Organisers of next year’s Paris Olympics said their headquarters have again been visited by French financial prosecutors who are investigating suspicions of favoritism, conflicts of interest and misuse of funds in the awarding of contracts.
The Paris organizing committee said Thursday in a short statement that the national financial prosecution service visited its north Paris offices on Wednesday “and obtained all the information it requested.”
“Paris 2024 is cooperating fully with the investigation, as it has always done,” the statement said.
The headquarters were first searched in June.
In an Associated Press interview, Paris organizing committee president Tony Estanguet previously vigorously defended colleagues whose homes also have been searched.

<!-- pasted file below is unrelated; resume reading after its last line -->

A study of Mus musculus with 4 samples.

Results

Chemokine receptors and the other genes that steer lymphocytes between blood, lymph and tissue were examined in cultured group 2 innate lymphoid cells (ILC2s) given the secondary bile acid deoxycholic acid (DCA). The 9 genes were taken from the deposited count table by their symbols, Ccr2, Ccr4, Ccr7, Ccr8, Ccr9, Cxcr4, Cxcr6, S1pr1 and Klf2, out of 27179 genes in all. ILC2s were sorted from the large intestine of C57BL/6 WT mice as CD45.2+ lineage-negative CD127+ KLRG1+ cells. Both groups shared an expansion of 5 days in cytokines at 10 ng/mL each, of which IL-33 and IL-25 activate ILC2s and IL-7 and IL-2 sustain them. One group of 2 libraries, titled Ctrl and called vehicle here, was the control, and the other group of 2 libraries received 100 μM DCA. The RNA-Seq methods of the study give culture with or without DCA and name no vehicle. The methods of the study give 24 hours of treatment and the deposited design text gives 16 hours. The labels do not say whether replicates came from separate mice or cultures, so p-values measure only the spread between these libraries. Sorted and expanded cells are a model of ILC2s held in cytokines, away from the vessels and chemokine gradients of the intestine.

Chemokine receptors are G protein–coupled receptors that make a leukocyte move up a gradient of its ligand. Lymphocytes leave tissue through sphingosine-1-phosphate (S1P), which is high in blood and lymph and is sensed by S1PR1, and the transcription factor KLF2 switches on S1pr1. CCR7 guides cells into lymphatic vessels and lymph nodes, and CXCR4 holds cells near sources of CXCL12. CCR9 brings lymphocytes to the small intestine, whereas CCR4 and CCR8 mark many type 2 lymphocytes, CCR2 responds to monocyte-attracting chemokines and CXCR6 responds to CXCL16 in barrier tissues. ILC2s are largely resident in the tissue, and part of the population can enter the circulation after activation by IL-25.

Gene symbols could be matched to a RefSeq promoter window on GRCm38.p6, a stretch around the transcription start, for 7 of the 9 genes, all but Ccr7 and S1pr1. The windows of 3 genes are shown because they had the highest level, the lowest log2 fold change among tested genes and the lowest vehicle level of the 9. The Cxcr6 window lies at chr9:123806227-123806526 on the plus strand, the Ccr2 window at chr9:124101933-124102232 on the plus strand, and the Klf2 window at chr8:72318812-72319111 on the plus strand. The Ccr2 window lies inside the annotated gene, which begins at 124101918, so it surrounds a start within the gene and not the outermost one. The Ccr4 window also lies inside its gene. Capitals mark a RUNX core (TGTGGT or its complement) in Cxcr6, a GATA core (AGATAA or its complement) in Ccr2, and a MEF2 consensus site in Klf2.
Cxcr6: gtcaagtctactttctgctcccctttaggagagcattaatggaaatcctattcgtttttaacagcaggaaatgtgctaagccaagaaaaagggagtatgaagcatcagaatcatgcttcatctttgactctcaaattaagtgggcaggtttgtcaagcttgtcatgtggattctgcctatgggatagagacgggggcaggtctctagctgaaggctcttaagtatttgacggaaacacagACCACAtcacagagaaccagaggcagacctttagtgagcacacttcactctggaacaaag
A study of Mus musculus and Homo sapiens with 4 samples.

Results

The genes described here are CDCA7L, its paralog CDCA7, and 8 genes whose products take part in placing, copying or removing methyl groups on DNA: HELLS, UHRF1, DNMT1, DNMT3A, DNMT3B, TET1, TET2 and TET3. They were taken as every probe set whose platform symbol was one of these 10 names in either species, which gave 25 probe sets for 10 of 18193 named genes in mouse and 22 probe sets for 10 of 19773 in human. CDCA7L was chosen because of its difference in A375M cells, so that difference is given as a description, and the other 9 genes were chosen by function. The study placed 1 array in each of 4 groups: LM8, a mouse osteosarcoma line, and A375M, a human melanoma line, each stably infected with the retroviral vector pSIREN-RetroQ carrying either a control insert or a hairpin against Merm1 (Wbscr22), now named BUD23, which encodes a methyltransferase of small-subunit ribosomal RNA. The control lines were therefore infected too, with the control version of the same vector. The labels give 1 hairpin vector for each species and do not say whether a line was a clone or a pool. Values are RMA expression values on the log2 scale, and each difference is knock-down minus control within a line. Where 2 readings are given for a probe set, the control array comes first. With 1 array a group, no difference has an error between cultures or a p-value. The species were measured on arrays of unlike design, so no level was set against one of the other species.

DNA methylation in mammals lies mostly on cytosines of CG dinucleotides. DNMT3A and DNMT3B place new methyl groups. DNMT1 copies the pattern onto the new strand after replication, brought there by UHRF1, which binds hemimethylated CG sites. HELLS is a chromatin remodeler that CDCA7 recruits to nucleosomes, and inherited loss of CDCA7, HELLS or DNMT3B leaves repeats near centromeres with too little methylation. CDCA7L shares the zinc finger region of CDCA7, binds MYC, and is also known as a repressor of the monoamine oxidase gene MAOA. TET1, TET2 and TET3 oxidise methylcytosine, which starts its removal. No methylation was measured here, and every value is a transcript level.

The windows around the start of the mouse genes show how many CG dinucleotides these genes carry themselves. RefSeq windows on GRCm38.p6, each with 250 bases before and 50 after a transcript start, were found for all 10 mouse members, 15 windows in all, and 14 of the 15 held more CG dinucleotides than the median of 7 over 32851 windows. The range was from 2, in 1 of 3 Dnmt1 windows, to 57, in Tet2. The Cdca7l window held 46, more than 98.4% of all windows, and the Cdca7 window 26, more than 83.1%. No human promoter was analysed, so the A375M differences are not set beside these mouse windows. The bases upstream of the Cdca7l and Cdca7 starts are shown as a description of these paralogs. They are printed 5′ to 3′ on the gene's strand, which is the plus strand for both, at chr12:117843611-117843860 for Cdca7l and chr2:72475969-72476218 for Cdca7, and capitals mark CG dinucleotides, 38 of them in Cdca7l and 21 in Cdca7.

Estanguet insisted that the two financial probes of Paris Games contract awards bear no comparison with corruption and ethics scandals that have for decades dogged the Olympic movement and its biggest event, including the Tokyo Olympics in 2021 and the bribery-plagued 2016 Rio de Janeiro Games.
Last month, the chief financial prosecutor said their probes have not revealed any serious corruption or influence peddling and that any potential infractions are “mainly formal.”
“It’s about favoritism, of illegal interest-taking,” the prosecutor, Jean-Francois Bohnert, told RTL radio. “It’s about the way certain contracts have been distributed, the arrangements ... But I don’t see any elements, at least not at this stage, that would lead the investigation towards the most serious cases of corruption or influence peddling.”